Many cemeteries are known for having unmarked graves, but the Logan Cemetery appears to have the opposite: a grave marker without a body.
In the undeveloped northeast corner of the cemetery sits a small, lone tombstone with plastic flowers. It’s unlikely many people have ever wandered over there to read the inscription on the stone, but the modest marker drew the attention of some recent passers-by, and what they discovered has led to a bit of a mystery.
A crudely etched engraving on the cast-concrete marker says “Harambe,” accompanied by the years 1999-2016. Many readers will remember the name as that of a gorilla shot and killed at the Cincinnati Zoo after it seized and dragged a 3-year-old boy who tumbled into the gorilla habitat in May of 2016.
Harambe’s death became a subject of worldwide remorse after a video of the zoo incident went viral and it appeared to many observers that the fearsome animal was actually trying to protect the boy. Internet memes based on photos of Harambe gained wide circulation and continue to this day.
Harambe’s birth and death years are the same as that on the Logan tombstone, which leaves little doubt that the marker is dedicated to him. But is the legendary western lowland gorilla actually buried there?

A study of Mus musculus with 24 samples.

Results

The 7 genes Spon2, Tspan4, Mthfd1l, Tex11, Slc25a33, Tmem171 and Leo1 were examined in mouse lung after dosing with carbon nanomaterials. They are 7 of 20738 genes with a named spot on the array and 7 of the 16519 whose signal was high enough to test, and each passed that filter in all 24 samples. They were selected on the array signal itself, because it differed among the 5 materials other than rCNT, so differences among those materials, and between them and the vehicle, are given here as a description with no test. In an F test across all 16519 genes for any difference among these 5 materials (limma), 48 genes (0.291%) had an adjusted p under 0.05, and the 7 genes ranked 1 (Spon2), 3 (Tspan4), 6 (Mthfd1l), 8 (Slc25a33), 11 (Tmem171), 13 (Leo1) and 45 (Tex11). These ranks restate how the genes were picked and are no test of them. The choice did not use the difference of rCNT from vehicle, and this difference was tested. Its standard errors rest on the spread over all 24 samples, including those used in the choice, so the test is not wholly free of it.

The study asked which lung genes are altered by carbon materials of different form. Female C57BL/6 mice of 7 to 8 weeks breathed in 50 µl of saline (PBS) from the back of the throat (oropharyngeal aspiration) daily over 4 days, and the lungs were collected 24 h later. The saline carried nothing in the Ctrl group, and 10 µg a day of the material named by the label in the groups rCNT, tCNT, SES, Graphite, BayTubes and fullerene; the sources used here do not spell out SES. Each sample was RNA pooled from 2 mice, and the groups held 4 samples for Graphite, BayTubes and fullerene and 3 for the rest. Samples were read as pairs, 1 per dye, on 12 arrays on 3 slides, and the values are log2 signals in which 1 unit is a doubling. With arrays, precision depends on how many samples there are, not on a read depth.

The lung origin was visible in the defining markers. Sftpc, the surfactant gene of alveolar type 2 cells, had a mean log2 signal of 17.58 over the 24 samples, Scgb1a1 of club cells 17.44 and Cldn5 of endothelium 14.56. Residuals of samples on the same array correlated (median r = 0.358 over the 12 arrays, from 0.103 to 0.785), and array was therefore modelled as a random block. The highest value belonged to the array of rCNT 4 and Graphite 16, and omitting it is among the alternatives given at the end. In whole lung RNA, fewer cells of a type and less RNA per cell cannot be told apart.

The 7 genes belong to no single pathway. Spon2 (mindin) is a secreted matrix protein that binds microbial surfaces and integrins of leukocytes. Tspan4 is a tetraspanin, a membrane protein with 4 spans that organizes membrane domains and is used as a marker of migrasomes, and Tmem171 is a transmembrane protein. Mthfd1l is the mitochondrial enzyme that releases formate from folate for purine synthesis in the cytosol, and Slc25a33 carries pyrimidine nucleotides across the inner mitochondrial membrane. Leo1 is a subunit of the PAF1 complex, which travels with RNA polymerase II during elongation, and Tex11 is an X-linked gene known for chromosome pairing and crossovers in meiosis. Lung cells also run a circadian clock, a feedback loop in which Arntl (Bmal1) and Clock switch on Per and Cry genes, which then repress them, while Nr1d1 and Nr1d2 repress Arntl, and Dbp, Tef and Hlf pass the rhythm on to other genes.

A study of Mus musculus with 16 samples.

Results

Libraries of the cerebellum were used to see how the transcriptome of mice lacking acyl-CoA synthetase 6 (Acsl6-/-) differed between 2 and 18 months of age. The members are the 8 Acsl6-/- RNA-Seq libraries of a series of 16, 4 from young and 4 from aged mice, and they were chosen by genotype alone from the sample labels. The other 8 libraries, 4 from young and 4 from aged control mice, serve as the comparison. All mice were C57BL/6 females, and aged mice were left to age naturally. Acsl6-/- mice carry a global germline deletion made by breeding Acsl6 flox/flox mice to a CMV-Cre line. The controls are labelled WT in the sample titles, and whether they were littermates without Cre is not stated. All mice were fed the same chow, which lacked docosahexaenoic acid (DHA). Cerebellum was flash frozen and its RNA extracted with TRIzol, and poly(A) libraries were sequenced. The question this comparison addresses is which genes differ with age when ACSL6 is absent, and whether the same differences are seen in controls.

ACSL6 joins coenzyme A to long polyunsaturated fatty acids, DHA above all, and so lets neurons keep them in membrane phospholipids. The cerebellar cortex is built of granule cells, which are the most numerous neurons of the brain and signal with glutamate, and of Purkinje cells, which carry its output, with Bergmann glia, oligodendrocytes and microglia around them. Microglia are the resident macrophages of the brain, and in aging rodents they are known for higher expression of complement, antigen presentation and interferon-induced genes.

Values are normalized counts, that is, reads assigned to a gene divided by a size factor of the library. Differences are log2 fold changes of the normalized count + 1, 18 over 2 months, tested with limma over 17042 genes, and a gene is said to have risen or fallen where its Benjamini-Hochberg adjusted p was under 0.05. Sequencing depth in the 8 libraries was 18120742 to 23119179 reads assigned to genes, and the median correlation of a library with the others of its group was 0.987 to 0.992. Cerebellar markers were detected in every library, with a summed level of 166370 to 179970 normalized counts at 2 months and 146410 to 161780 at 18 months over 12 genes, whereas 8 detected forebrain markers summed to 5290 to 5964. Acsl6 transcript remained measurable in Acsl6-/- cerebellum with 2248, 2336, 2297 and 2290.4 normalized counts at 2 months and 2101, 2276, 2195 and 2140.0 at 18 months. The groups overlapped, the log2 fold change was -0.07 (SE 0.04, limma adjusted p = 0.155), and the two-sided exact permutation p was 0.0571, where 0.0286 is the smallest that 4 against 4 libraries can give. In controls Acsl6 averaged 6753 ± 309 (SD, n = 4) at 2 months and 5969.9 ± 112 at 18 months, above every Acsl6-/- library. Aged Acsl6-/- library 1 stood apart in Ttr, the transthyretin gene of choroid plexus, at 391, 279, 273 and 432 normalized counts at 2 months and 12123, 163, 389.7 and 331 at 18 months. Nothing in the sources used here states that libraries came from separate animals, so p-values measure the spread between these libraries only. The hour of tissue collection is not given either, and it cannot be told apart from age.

“Nope,” says Logan City Cemetery Sexton Justin Allen. “The marker just showed up there one day. From what we gather, it was like a college student’s project or something, and they just went and put it in there, and we haven’t taken it out yet.”
He guesses the marker was placed two to three years ago, which roughly coincides with the gorilla’s death.
Allen said there is no record of such a grave at the cemetery, but the family that brought the marker to the newspaper's attention noticed Harambe’s name is actually listed in the cemetery’s directory. How it got there is puzzling.
The directory is a spiral-bound log of graves in a covered enclosure outside the sexton’s office. The book is accessible to any cemetery visitors at all hours, but since it is printed in a type-font, nobody could have added Harambe's name without it appearing out of place, unless they actually reproduced an entire page and clandestinely inserted it in the book.
Jennifer Bordner, who with her sister and father discovered the marker a few weeks ago while visiting the cemetery, was fascinated by the find and has tried to track down what happened to Harambe’s remains after his death. News stories at the time indicated his sperm was being preserved for possible artificial insemination in the zoo’s gorilla breeding program and that his body would likely be handed over to scientists studying genetic problems facing the lowland gorilla population.
Both Bordner and The Herald Journal have contacted the zoo about the fate of Harambe’s body but have yet to receive a response.
Bordner said she hopes putting public attention on the makeshift marker doesn’t result in its removal, and she applauds the cemetery for allowing it to stay so far.
“I think it’s a sweet thought if that’s what they did as a tribute to Harambe,” she said.